My co-worker Brian H. brought in this bag of Godiva truffles today.
These were really good, an outer shell of dark chocolate with an inner filling that melted in your mouth. They reminded me of Godiva truffle bars except they were individually wrapped. They were a wonderful surprise. Thanks Brian!
I was having a minor meltdown at work yesterday. Many people were emailing me about the shortage of chocolate predicted for next year, and there I was, sitting at my desk with no chocolate at all. My co-worker Brian H. took pity on me and brought me this bag.
These were yummy! See’s makes a good dark chocolate, on par with Godiva, and these hit the spot. I shared them with my co-workers, who agreed they were pretty good!
My friend Tiff C. gave me another bar from the Nohmad line.
Wow, I liked this bar even more than yesterday’s! At 74% cacao, it was still deeply flavored, but the bits of hazelnuts and salt added more flavor and crunch with every bite. My co-workers liked it too. It was gone in seconds.
My friend Tiff C. gave me this unusual bar last weekend.
This chocolate was unusual for several reasons. First, it was single origin chocolate from Ecuador, and also it was heirloom, made of cacao from trees between 30 and 80 years old. They don’t roast the chocolate and instead cold press it after it has fermented and sun-dried. Finally, they don’t use cane sugar to sweeten it; they use maple sugar, which imparts a very unusual flavor to the chocolate.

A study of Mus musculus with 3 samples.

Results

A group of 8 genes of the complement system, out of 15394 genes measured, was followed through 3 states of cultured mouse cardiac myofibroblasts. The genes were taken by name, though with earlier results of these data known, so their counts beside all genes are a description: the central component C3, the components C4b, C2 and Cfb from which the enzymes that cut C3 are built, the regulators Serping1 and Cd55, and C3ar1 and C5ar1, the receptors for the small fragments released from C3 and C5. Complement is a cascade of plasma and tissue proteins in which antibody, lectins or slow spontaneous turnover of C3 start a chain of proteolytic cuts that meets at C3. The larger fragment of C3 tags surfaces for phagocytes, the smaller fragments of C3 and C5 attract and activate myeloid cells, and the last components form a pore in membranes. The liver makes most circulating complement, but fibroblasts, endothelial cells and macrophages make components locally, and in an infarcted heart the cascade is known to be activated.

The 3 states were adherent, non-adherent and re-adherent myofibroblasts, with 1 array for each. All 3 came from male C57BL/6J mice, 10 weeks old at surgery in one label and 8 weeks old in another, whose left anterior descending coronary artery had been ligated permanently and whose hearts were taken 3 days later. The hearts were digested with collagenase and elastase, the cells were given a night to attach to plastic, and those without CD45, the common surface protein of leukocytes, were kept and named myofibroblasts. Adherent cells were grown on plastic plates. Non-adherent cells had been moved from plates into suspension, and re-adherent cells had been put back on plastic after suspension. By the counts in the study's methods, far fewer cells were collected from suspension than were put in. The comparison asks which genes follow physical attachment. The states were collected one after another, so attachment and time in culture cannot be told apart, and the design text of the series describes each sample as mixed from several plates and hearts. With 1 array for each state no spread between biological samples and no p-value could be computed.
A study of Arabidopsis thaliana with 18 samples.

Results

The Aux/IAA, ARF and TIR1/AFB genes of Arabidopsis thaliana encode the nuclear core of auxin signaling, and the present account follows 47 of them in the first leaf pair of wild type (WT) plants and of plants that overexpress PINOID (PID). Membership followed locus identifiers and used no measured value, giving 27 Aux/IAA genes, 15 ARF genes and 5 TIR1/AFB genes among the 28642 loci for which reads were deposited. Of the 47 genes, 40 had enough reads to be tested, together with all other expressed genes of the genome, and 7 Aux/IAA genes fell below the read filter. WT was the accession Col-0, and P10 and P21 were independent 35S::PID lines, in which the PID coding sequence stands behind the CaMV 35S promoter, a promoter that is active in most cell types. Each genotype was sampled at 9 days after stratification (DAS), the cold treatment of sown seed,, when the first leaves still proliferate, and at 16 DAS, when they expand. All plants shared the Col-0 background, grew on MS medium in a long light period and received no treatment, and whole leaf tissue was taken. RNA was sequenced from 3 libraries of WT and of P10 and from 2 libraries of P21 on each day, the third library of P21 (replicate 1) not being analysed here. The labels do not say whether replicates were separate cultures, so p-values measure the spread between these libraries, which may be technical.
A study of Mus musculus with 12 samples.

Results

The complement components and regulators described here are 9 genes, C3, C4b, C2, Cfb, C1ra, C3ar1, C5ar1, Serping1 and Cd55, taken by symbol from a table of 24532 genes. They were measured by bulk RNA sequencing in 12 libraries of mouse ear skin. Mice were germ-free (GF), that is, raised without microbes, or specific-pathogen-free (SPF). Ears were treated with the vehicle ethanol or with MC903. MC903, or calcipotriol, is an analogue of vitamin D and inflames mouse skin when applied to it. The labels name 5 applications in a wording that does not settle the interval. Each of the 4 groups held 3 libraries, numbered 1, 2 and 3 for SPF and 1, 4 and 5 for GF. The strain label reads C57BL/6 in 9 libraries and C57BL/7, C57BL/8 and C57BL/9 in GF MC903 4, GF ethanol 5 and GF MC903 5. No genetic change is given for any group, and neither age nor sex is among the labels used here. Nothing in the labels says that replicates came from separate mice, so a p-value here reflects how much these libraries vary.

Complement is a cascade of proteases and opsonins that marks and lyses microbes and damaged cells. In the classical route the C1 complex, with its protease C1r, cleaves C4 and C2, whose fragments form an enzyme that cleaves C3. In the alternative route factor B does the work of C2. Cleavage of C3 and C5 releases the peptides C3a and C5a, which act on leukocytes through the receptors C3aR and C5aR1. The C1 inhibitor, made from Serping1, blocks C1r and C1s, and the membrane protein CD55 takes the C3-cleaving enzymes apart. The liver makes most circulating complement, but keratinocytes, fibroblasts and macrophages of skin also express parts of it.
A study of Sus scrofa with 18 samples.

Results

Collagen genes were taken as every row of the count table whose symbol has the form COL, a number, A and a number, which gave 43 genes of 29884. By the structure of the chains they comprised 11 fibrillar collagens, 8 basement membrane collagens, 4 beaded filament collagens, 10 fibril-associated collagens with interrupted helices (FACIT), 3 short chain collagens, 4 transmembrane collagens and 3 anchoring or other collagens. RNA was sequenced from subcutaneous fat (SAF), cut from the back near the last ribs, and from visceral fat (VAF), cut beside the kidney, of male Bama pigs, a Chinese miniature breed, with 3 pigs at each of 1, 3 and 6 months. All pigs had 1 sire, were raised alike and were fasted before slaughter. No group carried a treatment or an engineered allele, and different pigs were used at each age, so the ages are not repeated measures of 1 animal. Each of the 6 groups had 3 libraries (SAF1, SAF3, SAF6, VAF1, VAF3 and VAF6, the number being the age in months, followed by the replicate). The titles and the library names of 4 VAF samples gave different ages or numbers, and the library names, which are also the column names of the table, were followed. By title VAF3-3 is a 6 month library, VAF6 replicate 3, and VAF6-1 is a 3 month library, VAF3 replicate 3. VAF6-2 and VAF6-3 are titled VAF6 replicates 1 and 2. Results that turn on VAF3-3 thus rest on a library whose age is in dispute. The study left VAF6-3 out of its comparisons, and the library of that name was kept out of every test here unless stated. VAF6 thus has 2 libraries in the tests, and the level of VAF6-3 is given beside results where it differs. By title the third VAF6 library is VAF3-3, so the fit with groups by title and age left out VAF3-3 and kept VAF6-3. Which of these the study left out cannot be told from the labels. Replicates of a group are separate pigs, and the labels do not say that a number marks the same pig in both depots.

I loved this bar. It was dark and earthy and had a slight coconut flavor, followed by a long drawn-out coffee-like aftertaste. Several of my co-workers didn’t care for it, but I think that was because 85% cacao is an acquired taste. But that just left more for me!
And now for the last of the Turkish chocolate from Alper C., the Ülker milk chocolate.
The box opened up to reveal eight small chocolate tablets.
I shared them with my co-workers, and we all stood around eating the tablets. They were standard milk chocolate, not bad, tasting like 15% cacao or so, but then I checked the back of the box and discovered they were 30% cacao! Wow, I never would have guessed. That’s almost three times the cacao in Hershey’s chocolate! Alper said that this was the chocolate that children would eat, and all I can say is they are lucky children if this is their standard chocolate. I bet they would dislike American chocolate a lot.
My friend Alper C. included some fancy truffles from Bind Chocolate, a Turkish chocolatier.
There were four different truffles inside the box.
Clockwise from the top left, there was:
- Dark chocolate covered marzipan, very yummy. I don’t normally like marzipan, but this was almost almond cake. It was very light.
- Milk chocolate and caramel, good and not too sweet. The caramel was thick and gooey.
- White chocolate with milk chocolate filling. I tasted this, but it was not my thing. I let Robert eat most of it.
- Mocha truffle. Delicious and my favorite! Crunchy sugar on the outside and very rich and creamy inside.
This was great chocolate, and a wonderful introduction to a new chocolatier! Thanks Alper!
Yesterday at work, we tried these chocolate sticks, another gift from my friend Alper C.
The box contained eight individually wrapped sticks of milk chocolate.
I really liked the packaging. It was very slick and made you look forward to the chocolate goodness inside. But the sticks themselves were so-so. They weren’t bad, but they weren’t good either. They were relatively run-of-the-mill milk chocolate, somewhat bland and a little salty. Better than Hershey, but not by much.